A newly discovered protein could hold the key to the genetic treatment of psoriasis and other skin conditions, according to a new University of Birmingham study. The protein is part of JARID2, a molecule previously thought to be present exclusively in the embryo, and which plays an essential part in skin layer differentiation.
By ensuring that skin tissues maintain their natural state of differentiation, the molecule prevents skin conditions such as psoriasis, which is caused by the rapid division of cells. In psoriasis, immature cells are pushed to the surface of the skin, thus causing a crusty red buildup covered in whitish-silver scales.
The newly-discovered protein – named N-JARID2 – can thus play an essential role in the development of a genetic treatment for psoriasis.
Dr. Aditi Kanhere from the School of Biosciences, who coordinated the study, explains: “In some diseases, cells lose their ability to differentiate, and divide more rapidly. Being able to redirect cells back to their usual life cycle could alleviate the processes behind the disease.”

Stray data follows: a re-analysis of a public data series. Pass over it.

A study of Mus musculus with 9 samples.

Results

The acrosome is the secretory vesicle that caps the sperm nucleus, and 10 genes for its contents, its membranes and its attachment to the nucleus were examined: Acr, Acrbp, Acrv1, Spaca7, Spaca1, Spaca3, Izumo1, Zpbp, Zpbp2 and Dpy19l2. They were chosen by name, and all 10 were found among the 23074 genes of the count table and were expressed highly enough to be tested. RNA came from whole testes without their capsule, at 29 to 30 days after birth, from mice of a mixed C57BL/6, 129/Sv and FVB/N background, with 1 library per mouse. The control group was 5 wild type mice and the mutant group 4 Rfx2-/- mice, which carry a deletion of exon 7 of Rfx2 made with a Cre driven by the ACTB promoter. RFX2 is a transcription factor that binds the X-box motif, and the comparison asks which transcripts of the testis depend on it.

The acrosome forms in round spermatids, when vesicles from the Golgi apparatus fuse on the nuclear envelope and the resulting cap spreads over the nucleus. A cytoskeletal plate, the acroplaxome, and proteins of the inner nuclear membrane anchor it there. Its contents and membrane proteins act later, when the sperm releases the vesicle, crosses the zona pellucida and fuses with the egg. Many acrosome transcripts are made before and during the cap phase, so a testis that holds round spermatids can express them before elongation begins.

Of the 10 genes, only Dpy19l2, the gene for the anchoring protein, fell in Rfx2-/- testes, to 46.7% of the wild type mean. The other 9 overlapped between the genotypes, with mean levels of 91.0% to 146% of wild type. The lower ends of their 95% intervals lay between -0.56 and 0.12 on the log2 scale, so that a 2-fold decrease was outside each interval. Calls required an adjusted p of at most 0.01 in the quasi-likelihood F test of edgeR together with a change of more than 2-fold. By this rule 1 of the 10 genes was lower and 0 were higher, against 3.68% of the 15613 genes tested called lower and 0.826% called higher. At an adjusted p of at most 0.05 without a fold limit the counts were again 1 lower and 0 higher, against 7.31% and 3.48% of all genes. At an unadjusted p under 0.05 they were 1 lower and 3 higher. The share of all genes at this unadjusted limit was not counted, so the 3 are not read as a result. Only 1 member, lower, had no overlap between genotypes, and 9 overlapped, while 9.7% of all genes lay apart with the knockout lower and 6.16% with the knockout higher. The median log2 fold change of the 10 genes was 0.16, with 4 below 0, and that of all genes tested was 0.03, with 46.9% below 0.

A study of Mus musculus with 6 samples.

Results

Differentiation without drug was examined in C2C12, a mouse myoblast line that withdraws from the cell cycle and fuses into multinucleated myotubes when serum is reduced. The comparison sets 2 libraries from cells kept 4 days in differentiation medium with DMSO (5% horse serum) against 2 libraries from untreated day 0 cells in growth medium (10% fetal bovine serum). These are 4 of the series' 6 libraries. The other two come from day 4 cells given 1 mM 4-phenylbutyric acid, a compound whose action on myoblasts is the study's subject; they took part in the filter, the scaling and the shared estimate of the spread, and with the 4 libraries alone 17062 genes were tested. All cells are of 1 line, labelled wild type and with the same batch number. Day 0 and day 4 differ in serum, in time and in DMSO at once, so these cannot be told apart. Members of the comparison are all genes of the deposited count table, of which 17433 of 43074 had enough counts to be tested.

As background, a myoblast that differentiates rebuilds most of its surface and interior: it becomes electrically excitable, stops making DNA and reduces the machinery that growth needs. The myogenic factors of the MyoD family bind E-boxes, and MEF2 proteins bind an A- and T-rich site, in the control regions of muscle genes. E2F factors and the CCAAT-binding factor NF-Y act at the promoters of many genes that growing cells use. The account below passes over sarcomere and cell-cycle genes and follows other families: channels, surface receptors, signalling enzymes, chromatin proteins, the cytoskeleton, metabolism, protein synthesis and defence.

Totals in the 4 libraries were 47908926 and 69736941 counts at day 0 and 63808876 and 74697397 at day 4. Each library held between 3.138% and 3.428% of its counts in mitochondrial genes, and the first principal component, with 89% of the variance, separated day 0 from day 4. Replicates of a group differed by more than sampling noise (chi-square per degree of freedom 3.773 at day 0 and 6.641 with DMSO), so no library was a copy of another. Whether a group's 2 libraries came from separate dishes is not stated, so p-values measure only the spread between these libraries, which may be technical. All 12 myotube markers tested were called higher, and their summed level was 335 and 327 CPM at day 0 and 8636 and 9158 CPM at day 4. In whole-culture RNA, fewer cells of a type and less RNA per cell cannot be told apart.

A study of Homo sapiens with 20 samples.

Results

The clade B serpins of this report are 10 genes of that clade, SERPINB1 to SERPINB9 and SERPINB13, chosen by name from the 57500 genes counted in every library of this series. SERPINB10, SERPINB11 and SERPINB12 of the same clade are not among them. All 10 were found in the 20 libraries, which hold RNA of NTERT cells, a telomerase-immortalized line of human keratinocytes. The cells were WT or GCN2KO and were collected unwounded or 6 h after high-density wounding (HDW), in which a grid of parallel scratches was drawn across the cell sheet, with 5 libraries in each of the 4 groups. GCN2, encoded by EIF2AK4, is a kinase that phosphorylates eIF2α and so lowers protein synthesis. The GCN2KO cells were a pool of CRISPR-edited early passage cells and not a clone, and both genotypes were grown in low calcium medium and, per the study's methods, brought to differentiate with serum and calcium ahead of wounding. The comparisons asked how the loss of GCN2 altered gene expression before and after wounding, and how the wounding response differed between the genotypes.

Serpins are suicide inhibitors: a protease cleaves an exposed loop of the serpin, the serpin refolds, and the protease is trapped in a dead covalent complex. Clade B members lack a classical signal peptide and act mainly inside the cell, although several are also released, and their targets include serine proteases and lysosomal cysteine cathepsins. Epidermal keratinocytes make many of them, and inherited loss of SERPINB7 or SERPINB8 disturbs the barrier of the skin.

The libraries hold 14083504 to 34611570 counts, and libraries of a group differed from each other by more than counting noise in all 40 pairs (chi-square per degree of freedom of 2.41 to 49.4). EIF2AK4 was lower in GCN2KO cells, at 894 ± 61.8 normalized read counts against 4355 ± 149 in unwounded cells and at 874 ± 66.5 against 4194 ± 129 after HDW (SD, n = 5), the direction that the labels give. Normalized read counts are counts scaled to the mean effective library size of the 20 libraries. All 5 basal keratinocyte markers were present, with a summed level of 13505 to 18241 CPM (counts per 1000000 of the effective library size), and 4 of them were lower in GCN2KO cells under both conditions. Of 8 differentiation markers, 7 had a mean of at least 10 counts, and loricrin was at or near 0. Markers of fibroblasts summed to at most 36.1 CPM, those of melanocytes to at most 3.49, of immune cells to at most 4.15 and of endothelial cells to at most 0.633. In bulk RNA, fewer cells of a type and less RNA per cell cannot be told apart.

Following Dr. Kanhere’s research, published in EMBO Journal, the patenting team at University of Birmingham Enterprise filed a broad-based patent covering the use of N-JARID2 in therapies for conditions caused by excessive skin cell growth, such as psoriasis.
According to a University of Birmingham press release, “the research team is now investigating how N-JARID2 is generated and its wider implication in disease, while the patenting team hopes that this discovery will ultimately lead to novel therapies for skin conditions.”
Current psoriasis treatments are based on topical corticosteroids, vitamin D analogues and calcineurin inhibitors, among others, and can only provide either an alleviation in the severity of the symptom or a temporary clearance of the skin. A permanent cure, however, has yet to be developed. If successful, genetic therapy for psoriasis could potentially provide the cure for this disease.
According to the World Psoriasis Day consortium, psoriasis currently affects more than 125 million people worldwide.
Dr. Anit Kanhere’s full study can be found at http://emboj.embopress.org/content/early/2018/12/18/embj.201798449.